In 1995, Hawaii’s police union produced the video below to depict the harsh and frightening reality of a world where disciplinary records are not secret. It’s a world where the media reports on salacious allegations of misconduct but scrupulously fails to do any investigating. Falsely accused cops are afraid to do their jobs properly—even after they’ve been exonerated. Their children get beaten up in school.
The Honolulu Civil Beat dug up the video and released it this week as part of a massive investigation into the culture of secrecy at the Honolulu Police Department and the State of Hawaii Organization of Police Officers.
On March 29, 1994, nearly 500 police officers staged a show of force at the state courthouse in downtown Honolulu the likes of which hadn’t been seen in the islands before or since.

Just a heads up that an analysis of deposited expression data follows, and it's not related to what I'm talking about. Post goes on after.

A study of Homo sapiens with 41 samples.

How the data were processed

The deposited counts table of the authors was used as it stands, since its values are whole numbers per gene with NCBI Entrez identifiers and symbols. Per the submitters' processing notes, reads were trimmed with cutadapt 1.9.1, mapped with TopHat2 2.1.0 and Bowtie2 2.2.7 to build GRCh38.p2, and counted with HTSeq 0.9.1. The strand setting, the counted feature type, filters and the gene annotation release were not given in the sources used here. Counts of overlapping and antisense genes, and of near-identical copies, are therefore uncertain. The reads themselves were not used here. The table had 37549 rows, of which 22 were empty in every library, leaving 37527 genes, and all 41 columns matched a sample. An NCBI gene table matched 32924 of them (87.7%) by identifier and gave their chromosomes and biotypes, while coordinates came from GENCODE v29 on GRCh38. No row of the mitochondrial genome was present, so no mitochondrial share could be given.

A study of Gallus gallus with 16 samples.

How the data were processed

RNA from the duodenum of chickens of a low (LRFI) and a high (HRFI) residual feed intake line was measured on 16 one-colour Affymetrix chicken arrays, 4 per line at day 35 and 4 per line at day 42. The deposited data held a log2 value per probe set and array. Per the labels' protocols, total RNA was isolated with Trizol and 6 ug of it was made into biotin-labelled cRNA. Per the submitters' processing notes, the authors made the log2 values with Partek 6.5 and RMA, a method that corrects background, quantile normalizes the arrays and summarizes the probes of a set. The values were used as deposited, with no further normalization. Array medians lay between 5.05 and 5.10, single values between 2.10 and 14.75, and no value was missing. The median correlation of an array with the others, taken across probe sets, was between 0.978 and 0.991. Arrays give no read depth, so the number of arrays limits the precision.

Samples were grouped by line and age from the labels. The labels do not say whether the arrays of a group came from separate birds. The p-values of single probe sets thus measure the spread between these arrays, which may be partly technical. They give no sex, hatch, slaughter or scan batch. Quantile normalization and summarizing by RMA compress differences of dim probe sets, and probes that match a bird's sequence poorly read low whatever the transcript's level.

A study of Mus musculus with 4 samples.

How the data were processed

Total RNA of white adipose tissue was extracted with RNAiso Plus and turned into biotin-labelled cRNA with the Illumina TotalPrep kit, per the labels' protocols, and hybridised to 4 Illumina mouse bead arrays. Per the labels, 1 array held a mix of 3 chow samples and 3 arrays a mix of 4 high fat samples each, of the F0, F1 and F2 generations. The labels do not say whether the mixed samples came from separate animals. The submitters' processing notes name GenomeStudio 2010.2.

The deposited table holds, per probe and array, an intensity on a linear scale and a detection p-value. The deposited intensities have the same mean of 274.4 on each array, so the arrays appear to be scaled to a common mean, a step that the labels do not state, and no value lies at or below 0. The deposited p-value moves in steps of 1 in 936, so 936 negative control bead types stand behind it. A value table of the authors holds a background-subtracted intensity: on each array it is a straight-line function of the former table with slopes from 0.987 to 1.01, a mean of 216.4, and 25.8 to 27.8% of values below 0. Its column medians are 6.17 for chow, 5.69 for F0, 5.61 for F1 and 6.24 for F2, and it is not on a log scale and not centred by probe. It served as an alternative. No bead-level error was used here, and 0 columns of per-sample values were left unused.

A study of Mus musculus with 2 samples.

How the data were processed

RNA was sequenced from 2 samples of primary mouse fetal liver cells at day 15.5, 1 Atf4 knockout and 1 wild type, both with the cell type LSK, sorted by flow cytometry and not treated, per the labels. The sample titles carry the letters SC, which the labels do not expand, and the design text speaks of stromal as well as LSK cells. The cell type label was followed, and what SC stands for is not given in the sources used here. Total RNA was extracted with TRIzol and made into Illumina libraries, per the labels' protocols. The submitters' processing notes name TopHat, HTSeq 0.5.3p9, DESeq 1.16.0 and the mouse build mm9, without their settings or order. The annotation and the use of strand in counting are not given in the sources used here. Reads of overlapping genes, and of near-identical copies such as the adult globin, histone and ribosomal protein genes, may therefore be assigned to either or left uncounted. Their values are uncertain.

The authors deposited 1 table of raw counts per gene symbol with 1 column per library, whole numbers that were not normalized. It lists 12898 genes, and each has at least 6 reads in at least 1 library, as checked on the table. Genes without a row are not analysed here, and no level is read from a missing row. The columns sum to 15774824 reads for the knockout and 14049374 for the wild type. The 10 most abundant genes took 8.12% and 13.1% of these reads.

The huge demonstration was meant to intimidate a handful of University of Hawaii journalism students who wanted to know the names of Honolulu police officers who had been suspended or discharged for misconduct.
…Not only were the students already entitled to the information under the state’s public records law, but a Circuit Court judge and the Hawaii Supreme Court would later rule that the public has a "fundamental" right to know that police power is being kept in check.
The police prevailed, though, after legislators changed the law, shielding police from open records requirements. That’s kept situations like this out of the public eye:
In 1997, Honolulu police officer Russell Won went to federal prison for his involvement in beating an inmate at the Pearl City police station.
A year later, he was back in Honolulu—and back in police work. The federal prison sentence didn’t cause the Honolulu Police Department to fire him. Instead, he was put on leave without pay while he did his time.
When his sentence was over he was assigned to train new recruits at the academy.